Thursday, October 09, 2014

Supernatural Friday: Eleven Spooky Supernatural Reads for October

For this Supernatural Friday, I decided to do eleven spooky reads perfect for October and Halloween. Not to say, they aren't wonderful, to read any other time. There are more creepy novels and short stories I can tell you about, but then that might go into the hundreds. Instead, I feel these eleven will be a great start for you. Plus at the end, there is a link for my own scary ghost story that made the top seven stories for Small Press Award 2013.  Now get reading!

1.     The Haunting of Hill House by Shirley Jackson (It’s not Halloween without a great, scary ghost story. This is the only novel to scare me during the daytime, in a room full of middle school student. My parents landlady had given this book and Jackson’s We Have Always Lived in the Castle (another good read), so after getting my work in class done early the teacher said I could read my book, so I did. The scene I read freaked me out.)

 Book blurb: In the dark, they are watching...
They are waiting for you. No one has ever lived to tell the horrifying truth about them. Yet even now the Wolfen are gathered in the night-dark alleys ... unseen, poised ... ready to destroy their helpless human prey. Only one man and one woman, trained cops, willing to risk their lives, stand in the way.)

3. Bad Wolf by Tim McGregor (I got this free on Kindle—which I see it is again—and though self-published, it was good. Enough for me to buy the second two in the Bad Wolf Chronicles trilogy.

 Book blurb: Detective Lara Mendes’s hard work finally pays off   when she gets the chance to join the homicide detail. There’s only one catch; she has to partner up with a cop no one wants to work with.

John Gallagher is a veteran homicide detective who loves stomping bad guys and hates partners. When the Lieutenant saddles him with this green kid named Mendes, his first reaction is to ditch her but a call comes in about a body on the river bank and the rotation says they’re up.

What they find are human remains, mutilated and partially devoured. Their investigation reveals a killer stalking the city with a pack of vicious, feral dogs.
And the suspect believes he is a werewolf.

But this is Portland, where crazy bastards outnumber normal ones ten to one. Except there’s another catch. The crazy werewolf guy? He isn’t crazy...

4.     Dracula by Bram Stoker( Forgot that Twilight junk and read the vampire that start it all (even though there was a vamp novel before him). With ‘Dracula Untold’ coming to movie theaters, showing how he became the monstrous Count, I would suggest start reading the book. And no, he may walk in the daytime, but he does not sparkle! If cannot afford the book or eBook, or it’s out at your library, you can read it free here:  or get it at Gutenberg as download for free: Read the short story, “Dracula’s Guest” for free at or get it at Gutenberg too, as free download:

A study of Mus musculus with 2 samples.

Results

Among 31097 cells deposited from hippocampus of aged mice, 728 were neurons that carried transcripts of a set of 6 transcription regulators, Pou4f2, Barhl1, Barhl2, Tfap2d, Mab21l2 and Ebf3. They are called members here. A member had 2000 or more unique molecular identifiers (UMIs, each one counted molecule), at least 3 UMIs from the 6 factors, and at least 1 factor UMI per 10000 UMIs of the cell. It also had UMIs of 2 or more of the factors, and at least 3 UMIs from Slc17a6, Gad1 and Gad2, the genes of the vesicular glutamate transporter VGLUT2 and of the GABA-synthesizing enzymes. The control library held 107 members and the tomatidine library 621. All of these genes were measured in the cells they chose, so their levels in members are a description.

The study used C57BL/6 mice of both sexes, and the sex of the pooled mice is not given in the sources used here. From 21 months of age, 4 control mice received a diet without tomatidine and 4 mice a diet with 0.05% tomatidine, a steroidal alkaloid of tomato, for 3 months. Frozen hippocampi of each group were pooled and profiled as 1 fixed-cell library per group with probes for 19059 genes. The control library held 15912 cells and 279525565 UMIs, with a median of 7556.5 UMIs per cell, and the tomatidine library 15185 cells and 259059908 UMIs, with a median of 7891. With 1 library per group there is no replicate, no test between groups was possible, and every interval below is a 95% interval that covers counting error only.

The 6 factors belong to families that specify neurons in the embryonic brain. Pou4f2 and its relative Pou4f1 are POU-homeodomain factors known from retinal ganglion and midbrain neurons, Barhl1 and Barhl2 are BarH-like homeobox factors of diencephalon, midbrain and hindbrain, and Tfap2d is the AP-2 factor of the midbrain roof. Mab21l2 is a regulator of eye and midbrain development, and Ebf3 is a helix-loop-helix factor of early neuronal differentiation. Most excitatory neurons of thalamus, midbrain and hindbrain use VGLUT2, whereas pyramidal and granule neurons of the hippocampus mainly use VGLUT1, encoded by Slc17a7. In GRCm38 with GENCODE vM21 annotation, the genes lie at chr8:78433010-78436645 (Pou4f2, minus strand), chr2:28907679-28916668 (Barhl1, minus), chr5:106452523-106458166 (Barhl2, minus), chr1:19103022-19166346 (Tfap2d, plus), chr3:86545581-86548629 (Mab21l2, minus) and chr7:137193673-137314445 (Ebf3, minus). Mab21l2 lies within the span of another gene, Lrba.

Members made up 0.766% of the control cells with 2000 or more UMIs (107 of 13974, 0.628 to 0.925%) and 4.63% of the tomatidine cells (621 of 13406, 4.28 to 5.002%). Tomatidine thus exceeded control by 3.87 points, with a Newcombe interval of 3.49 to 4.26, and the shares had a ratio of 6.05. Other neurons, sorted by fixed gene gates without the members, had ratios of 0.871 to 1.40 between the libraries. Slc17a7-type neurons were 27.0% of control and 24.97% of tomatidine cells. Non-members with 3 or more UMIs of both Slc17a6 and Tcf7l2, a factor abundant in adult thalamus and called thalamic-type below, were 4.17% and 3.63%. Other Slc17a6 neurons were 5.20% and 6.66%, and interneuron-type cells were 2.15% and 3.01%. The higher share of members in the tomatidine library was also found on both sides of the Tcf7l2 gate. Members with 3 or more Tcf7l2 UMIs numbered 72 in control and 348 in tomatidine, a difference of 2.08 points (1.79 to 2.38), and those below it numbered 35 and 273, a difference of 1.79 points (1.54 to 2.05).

5.     Hell House by Richard Matheson (You think it was Hill House again, but it is not. What really haunts Hell House?


7.     All of H.P. Lovecraft’s stories and novels (Something about the Old Ones that can creep to a person, don’t you agree?)


8.     Salem’s Lot and It by Stephen King (I compiled these two together, as both scared me when I read both books alone in my bedroom, just before bedtime. )


Few American novels written this century have endured in th heart and mind as has this one-Ray Bradbury's incomparable masterwork of the dark fantastic. A carnival rolls in sometime after the midnight hour on a chill Midwestern October eve, ushering in Halloween a week before its time. A calliope's shrill siren song beckons to all with a seductive promise of dreams and youth regained. In this season of dying, Cooger & Dark's Pandemonium Shadow Show has come to Green Town, Illinois, to destroy every life touched by its strange and sinister. 



11.  Complete Tales and Poems by Edgar Allan Poe (You thought I would forget him? Heck, no! He’s is perfect for this time of the year.)


Now read my fictional ghost story, Bottled Spirits at for free.